A few weeks ago, we voiced our initial horror when we found out that mtvU would be bringing the “Fandom Awards” to San Diego Comic-Con. You can vote online right now for things like “Ship of the Year,” and “Best Fandom Forever.” The awards will be doled out at an SDCC event featuring Linkin Park, which the network will then air three days later. From the mtvU website, here’s their description of a thing that will actually be broadcast on national television:
The first-ever mtvU Fandom Awards will honor diehard fangirls and fanboys as well as their favorite shows and movies in a 60-minute special worthy of big-time feels. With a performance from multi-platinum rock band Linkin Park as well as surprises that will set fandom hearts a-flutter, this will be a series finale status can’t-miss event. So tear yourself away from drooling over your favorite OTPs and binge-watching Teen Wolf to watch it on Sunday, July 27 at 8 pm ET/PT!
First of all – can we agree that major corporate figures need to stop appropriating Tumblr slang like “feels” and “OTPs” in order to make themselves seem relevant and super with-it? Did we learn nothing from this moment at E3?
But beyond that, listen; here’s my deal. The fact that fangirls are getting recognition for their talents and devotion from mainstream media is great; but, I just can’t help but feel like it’s happening in a way that’s still super degrading towards fan culture. By creating a live broadcast contest WHICH necessitates competition between fandoms, it proves that, on the whole, mass media still imagines fangirls as crazy, rabid, petulant children who spend their days arguing with each other on the internet over which TV show has the characters with the hotter abs.
Let’s be honest with ourselves: the mtvU “Fandom Awards” encourage completely unnecessary hostility between fandoms – and between the actual, real people who comprise each fandom. Fangirls who might normally spend their time creating art, making YouTube vids, RPing their faves, or even just re-marathoning a show are now being asked to instead use that energy to fight against other fans across the globe. And to what end? For some contest the people at mtvU dreamed up to capitalize on the power of the fangirl?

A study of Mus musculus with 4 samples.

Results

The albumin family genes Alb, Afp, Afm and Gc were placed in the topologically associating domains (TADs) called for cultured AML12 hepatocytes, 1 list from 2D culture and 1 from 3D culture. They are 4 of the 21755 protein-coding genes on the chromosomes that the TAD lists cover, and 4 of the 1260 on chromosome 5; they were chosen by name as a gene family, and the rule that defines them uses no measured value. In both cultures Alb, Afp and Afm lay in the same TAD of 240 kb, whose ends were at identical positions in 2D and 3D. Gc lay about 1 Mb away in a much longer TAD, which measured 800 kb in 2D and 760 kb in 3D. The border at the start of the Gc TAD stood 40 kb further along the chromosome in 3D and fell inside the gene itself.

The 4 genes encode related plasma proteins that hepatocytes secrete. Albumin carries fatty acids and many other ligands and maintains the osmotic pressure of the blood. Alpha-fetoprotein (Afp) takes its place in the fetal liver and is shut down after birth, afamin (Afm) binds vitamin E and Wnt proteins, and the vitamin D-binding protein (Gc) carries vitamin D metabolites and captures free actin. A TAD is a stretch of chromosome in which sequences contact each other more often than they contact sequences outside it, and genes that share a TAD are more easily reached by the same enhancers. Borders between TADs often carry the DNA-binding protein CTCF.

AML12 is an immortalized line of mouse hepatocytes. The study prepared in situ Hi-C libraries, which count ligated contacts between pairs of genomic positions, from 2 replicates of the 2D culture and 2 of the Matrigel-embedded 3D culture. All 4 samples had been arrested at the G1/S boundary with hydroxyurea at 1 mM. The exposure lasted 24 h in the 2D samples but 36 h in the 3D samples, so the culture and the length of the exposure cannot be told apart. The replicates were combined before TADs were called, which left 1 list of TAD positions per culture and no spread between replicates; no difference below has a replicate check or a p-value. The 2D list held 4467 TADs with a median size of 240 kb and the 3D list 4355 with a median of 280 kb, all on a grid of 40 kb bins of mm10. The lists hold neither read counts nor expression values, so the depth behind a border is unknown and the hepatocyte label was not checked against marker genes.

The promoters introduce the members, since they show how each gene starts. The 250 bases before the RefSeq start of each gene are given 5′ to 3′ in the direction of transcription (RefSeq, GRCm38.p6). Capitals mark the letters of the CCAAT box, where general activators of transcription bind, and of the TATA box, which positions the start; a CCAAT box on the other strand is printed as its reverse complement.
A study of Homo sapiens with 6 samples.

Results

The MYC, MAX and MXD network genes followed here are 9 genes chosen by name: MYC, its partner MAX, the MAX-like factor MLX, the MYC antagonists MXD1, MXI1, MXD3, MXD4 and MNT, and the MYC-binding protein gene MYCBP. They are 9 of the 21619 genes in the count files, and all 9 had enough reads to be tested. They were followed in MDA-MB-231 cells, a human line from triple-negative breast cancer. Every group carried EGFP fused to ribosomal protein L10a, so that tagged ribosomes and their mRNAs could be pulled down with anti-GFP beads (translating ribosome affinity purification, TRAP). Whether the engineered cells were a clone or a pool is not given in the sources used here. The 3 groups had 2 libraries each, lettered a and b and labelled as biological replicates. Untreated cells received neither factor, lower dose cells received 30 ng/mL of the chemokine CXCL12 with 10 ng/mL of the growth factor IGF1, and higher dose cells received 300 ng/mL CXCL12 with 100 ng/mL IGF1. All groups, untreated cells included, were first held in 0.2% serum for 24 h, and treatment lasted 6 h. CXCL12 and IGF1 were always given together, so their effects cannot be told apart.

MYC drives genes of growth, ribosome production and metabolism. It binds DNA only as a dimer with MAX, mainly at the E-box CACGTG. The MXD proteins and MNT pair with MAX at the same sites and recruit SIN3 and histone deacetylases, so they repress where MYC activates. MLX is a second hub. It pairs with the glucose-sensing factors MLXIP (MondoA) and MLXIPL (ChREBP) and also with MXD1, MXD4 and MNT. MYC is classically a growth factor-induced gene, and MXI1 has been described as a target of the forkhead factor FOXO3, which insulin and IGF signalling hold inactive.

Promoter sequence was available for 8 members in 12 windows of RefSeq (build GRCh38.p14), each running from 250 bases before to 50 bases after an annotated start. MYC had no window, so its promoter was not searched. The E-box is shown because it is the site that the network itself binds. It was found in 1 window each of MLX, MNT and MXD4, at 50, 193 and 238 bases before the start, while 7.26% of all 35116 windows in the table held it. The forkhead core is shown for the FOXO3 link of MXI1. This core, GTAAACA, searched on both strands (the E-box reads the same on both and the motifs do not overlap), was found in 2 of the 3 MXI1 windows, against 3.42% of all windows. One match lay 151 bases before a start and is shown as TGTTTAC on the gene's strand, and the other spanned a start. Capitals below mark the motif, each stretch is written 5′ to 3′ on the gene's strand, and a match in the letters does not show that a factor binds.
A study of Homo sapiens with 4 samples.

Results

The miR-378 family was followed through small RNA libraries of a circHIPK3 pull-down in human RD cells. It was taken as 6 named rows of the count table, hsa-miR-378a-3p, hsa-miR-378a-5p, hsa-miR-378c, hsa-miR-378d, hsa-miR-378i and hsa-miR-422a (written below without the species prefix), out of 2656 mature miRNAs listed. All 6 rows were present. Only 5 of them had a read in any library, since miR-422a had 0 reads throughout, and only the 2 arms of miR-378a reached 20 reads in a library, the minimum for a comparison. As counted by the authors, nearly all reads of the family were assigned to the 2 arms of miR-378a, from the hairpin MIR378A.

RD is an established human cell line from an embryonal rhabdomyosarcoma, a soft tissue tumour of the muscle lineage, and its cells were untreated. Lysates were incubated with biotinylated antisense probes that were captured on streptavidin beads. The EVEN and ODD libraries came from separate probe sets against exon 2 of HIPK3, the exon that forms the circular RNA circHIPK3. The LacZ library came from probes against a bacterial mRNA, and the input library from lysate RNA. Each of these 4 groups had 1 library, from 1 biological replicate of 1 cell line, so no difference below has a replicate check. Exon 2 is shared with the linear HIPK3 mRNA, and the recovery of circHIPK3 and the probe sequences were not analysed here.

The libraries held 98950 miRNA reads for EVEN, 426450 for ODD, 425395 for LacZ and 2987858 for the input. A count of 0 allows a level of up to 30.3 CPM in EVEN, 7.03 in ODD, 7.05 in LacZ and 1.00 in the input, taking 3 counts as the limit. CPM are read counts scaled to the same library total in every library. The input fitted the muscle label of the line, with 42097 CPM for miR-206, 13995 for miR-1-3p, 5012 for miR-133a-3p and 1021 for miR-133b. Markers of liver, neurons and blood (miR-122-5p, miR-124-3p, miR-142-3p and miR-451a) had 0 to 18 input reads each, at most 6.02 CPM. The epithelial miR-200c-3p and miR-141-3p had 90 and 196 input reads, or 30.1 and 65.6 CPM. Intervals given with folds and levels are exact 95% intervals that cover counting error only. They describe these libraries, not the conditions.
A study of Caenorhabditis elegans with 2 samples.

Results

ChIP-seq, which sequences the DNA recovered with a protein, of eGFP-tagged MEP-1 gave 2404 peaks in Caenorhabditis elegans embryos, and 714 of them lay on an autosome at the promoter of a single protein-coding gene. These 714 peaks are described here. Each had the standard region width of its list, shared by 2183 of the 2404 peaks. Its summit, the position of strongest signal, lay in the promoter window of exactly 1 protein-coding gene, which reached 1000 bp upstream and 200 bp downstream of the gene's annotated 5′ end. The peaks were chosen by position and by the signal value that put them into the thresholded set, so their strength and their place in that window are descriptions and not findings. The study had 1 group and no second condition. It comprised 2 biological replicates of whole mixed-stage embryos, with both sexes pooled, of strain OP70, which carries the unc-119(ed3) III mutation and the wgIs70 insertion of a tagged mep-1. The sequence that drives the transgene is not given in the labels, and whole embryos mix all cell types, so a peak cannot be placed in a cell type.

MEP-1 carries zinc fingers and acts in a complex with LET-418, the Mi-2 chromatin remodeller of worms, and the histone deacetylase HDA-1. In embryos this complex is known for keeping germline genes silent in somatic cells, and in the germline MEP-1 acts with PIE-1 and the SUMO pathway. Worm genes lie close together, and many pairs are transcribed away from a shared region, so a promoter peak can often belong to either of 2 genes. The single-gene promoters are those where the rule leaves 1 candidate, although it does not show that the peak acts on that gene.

Because that’s really not the point of being a fangirl. Whether you’re a Fannibal, a devoted Shakarian shipper, or great at writing Wincest fic (I don’t judge) , fandom-friendly environments like Tumblr allow fangirls to find a community of like-minded individuals; to share and receive praise for their incredible fanart, fanfic, and cosplay; to make friends from all over the world; to feel supported, happy, loved, and included. And these fandoms as communities can do some amazing things. Take, for example, the “Best Fandom Feat” category, which highlights several amazing and positive uses of the power of fandom from this past year, including:
- Veronica Mars – fans were successful in funding a Kickstarter campaign to create the Veronica Mars film
- Teen Wolf – fans raised more than $25,000 to build a wolf sanctuary
- Community – the fandom kept the show on the air by petitioning for more episodes, while also getting back original writer Dan Harmon
- Hannibal – fans used their power to get the show renewed for a second season
- Supernatural – Misha Collins and the fans of the series created “Random Acts,” raising money for charitable organizations
Are you reading this with me, guys? Fandoms raised tons of money for charitable organizations, kept their favorite actors (and countless crew members) employed by petitioning for more seasons of television, and Kickstarted a (mostly) dead franchise back to life. That’s all crazy amazing stuff. So why would anyone want to say “we have to pick which one of these was best and make everyone on the internet fight over it?” Why can’t we just pat each other on the backs and say, “Wow, fandoms. You all did great in 2013. Keep up the awesome work.”
Here’s a thought: if individual fandoms could do that much good in a year, imagine the power we could harness if we all worked together? mtvU wants to pit us against each other, creating the kind of nasty infighting we should all aim to leave behind us after middle school. We all love things. We are all passionate, talented, wonderful, devoted people who spend our time and energy caring about media that has a significant impact on our lives.
Screw the mtvU Fandom Awards, guys. Let’s all be friends. It’s the way fandom should be.